Former UK assistant building powerhouse at Florida State


AP photo

Florida State coach Leonard Hamilton directed his team during a game against North Carolina in the semifinal round of the Atlantic Coast Conference tournament in Greensboro, N.C.

By Keith Taylor, Kentucky Today

LEXINGTON (KT) — Leonard Hamilton knows what it’s like to be part of one of the top basketball programs in the nation.

The Florida State coach spent 12 seasons (1974-86) as an assistant and later associate head coach at the University of Kentucky under Joe B. Hall and the late Eddie Sutton before moving on to lead the basketball programs at Oklahoma State, Miami of Florida and Florida State. Prior to coaching the Seminoles, he spent one season with the Washington Wizards.

Since taking over at Florida State two decades ago, Hamilton put the Seminoles on the proverbial map. During the past six years, Hamilton’s teams have won 140 games and were considered a contender for the national title before last year’s NCAA Tournament was called off because of the ongoing pandemic.

Part of a league that features Duke, North Carolina, and Louisville, Hamilton has made the Seminoles relevant in the Atlantic Coast Conference. The year, the Seminoles are the only ACC team remaining in the NCAA Tournament. Florida State will take on top-seeded Michigan in the Sweet 16 at 5 p.m. Sunday in Indianapolis.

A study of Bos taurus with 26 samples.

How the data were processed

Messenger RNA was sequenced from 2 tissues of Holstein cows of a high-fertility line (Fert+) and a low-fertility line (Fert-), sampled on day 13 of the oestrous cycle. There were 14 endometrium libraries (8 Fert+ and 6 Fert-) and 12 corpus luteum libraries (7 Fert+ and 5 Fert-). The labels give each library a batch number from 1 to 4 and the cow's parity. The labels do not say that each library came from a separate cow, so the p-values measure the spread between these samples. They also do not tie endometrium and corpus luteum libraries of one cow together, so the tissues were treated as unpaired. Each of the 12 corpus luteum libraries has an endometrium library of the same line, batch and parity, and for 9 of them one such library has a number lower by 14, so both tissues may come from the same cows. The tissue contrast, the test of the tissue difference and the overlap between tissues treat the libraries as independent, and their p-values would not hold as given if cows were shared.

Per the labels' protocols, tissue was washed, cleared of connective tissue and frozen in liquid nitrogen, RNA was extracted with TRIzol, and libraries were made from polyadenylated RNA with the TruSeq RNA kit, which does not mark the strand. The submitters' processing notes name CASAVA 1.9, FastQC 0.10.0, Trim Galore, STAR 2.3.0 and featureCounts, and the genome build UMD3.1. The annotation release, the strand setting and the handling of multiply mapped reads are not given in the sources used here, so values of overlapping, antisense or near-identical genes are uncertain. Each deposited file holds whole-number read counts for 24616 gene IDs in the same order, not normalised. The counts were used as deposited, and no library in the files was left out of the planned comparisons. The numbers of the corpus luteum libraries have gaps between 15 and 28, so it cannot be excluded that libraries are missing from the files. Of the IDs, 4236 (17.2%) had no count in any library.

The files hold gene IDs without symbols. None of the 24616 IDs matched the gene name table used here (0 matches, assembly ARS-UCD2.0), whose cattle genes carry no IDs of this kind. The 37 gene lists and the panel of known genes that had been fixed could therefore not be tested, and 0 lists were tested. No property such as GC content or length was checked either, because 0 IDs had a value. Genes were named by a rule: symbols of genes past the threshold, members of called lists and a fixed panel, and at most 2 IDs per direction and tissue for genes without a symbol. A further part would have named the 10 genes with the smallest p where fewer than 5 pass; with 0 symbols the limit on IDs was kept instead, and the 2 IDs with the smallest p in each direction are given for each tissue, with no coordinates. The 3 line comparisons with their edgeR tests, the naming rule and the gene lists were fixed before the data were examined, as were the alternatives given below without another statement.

We’re in a basketball conference with some of the most rich tradition of successful traditional basketball programs in the history of college basketball,” Hamilton said earlier this week. “I’m not sure we’re ever going to make up for the 75 or 80 years of the success some of the programs in our league has enjoyed. We’re trying to find a way to carve our own little niche out, and I’m not really sure how long it’s going to take us to be considered, or if we ever will be considered in the blue blood status.”

Hamilton considers his squad part of new blend of elite programs that would also include Gonzaga, among others who aren’t traditional powerhouse programs but have become relevant on the big stage during the past decade.

“We kind of coined our own phrase: We’re new bloods,” Hamilton said. “We’re new on the block. We didn’t get invited to the blue blood party, so we coined our own phrase of new bloods, of guys trying to earn the respect.”

Hamilton added that earning elite status is “not something we are overly concerned about” but likes the progress the program has made under his watch.

“We’re proud of the fact we are making progress with our program,” he said. “Hopefully in the next 80 years, somebody might put us in the blue blood category, and we continue to keep having some success I doubt if I’ll still be around then, but hopefully they will look back and say that we contributed to the improvement and establishment of our program.”

The recent success the Seminoles have enjoyed has been mainly because of a defense-first approach that he refers to as a “junkyard defense.”

“We wanted to give our defensive system an identity,” he said. “We even have a mascot of a junkyard dog (named (Stopper). Our defensive philosophy has been the same for many, many years. We just wanted to give our guys something to be a little proud of and a phrase that would give them something to hang our head on and something to relate our system with.”

That system has been successful for Hamilton and he’s just two wins away from reaching the Final Four for the first time as a head coach.